Agricultural land owned by the state of Washington since the beginning of statehood may eventually be for sale following the completion of the current lease terms.
The land on Kennedy Road, north of Vintner Square and behind the Richland Target, includes two leases with Chiawana Orchards LLC, with a portion of the land used for apple trees.
The 334 acres are managed by the Washington State Department of Natural Resources and considered trust land. The land benefits the Common School Trust, which supports construction costs of public schools across the state.
The land is zoned as agricultural, and the state intends to have it re-zoned to a mix of residential and commercial use when the city of Richland finalizes updates to its comprehensive plan this month.
The city is required by the state to update its comprehensive land use plan, which is used to guide decisions about growth, every decade. The plan encapsulates the city’s vision for the next 20 years and helps make decisions on land use, infrastructure and economic development, among other things.
Richland considers the land to be “urban reserve,” which means it is set aside for future development. As part of the lengthy effort to update the plan, Richland met with Department of Natural Resources and Richland School District staff to discuss the large parcel, which borders West Richland.
The city’s community development director, Kerwin Jensen, said the property has “potential for a school site, as plotted out on the land use classification map.”
The future land use was presented to the Richland City Council. It included a potential expansion of Vintner Square.
But no significant changes are expected for a while.
The state will continue to honor the leases currently in place, which are set to expire in 2021.
When DNR is ready to sell the property, the land will be made available through a public auction to the highest bidder.
It has not been decided if the property will be offered in its entirety or if it will be divided into smaller parcels.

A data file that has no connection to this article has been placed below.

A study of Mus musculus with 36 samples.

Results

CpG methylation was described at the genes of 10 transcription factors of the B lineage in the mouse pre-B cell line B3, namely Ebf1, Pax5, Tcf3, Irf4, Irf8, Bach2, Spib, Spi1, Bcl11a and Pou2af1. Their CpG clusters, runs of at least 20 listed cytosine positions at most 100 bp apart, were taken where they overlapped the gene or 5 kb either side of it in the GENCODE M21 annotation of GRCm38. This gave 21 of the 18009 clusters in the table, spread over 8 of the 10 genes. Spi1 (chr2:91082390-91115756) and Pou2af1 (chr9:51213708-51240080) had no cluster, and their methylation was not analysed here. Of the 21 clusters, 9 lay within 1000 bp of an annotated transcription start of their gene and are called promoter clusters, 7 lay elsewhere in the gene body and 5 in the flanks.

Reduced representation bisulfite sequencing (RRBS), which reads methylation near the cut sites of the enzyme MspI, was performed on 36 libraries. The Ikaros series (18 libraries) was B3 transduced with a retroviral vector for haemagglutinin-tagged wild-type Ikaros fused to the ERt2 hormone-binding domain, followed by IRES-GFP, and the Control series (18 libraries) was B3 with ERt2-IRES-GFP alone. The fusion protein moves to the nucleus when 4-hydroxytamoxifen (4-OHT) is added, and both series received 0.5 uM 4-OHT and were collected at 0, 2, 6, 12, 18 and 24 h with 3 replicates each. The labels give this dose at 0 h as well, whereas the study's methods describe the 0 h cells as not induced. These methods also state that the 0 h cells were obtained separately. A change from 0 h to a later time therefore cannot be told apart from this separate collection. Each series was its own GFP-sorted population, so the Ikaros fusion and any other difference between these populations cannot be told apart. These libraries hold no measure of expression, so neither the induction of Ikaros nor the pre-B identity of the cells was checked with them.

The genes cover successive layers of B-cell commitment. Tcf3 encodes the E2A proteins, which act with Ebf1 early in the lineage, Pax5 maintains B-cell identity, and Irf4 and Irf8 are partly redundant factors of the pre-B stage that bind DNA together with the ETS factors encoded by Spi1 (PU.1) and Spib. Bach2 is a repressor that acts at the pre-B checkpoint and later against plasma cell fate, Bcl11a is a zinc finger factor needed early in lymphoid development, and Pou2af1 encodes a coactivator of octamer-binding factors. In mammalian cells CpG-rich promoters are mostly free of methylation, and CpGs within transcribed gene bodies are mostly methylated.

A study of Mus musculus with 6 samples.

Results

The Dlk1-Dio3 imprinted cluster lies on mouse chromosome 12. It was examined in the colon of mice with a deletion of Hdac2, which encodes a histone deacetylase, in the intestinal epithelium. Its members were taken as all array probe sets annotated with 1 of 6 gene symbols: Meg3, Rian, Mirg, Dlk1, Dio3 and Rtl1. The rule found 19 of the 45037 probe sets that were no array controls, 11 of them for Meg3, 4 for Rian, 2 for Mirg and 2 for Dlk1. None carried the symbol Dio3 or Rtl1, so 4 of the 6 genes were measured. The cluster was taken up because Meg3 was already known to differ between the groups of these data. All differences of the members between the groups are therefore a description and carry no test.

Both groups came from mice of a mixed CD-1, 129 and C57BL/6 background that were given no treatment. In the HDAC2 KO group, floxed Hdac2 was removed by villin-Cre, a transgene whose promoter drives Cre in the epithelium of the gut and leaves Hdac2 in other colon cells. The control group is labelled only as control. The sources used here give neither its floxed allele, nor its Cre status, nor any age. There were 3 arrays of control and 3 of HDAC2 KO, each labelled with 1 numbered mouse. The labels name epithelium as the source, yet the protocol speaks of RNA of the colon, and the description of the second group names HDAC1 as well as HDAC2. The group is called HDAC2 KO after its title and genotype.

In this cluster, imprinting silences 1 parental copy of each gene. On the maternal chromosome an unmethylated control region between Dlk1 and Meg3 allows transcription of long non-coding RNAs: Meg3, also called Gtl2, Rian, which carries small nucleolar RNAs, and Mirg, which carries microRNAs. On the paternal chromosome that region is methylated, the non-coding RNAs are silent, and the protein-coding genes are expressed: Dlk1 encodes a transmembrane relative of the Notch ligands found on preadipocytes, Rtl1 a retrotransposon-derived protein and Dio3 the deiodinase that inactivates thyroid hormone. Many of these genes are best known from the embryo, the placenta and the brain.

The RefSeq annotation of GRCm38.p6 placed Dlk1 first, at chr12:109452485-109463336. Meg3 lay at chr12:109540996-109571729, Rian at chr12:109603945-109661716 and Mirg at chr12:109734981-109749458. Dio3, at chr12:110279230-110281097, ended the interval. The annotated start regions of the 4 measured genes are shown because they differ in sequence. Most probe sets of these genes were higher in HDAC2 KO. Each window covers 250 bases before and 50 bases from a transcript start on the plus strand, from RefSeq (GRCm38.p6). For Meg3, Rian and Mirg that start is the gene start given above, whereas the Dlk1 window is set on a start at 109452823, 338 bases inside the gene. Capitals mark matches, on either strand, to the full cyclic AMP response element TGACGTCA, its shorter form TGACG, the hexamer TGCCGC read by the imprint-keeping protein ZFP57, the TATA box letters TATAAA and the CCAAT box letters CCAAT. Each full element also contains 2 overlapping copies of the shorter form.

The state will make that decision once zoning and other land use options are mapped out.
About 40 acres of the site are designated for public use, which could mean DNR transfers that portion directly to a local public agency.
While not a sale, the Common School Trust would need to be reimbursed for the portion of the property when transferred. Despite the discussion about the site’s potential for a school, the property could be used for another public use.
The current leases for the land provide revenue for the state based on a percentage of annual crop yield.
Between 2010 and 2015, revenue generated for the state from the property called “Richland 16” averaged $165,000 a year, with a total revenue of more than $825,000.
Since the lease deals with commodity prices, the revenue fluctuates year to year, with the lowest recent year being 2014 when revenue generated for the state was just below $85,000.
The high for recent years was 2012 when the state received about $240,000 based on a percentage of crop yield. The 2016 figures are not yet complete.
This type of lease is not in use as frequently as it once was, as the state is writing leases based on fair market value instead.
While income from land leases goes to build schools, proceeds from an auction sale of the property would instead go into a land replacement account for the Common School Trust. That money is reinvested through the purchase of other revenue-producing property elsewhere in the state.
The first step toward any eventual sale and redevelopment of the property will require a request from the state for rezoning. The assessed value for the land is not available and has not been determined by either the state of Washington or the city of Richland.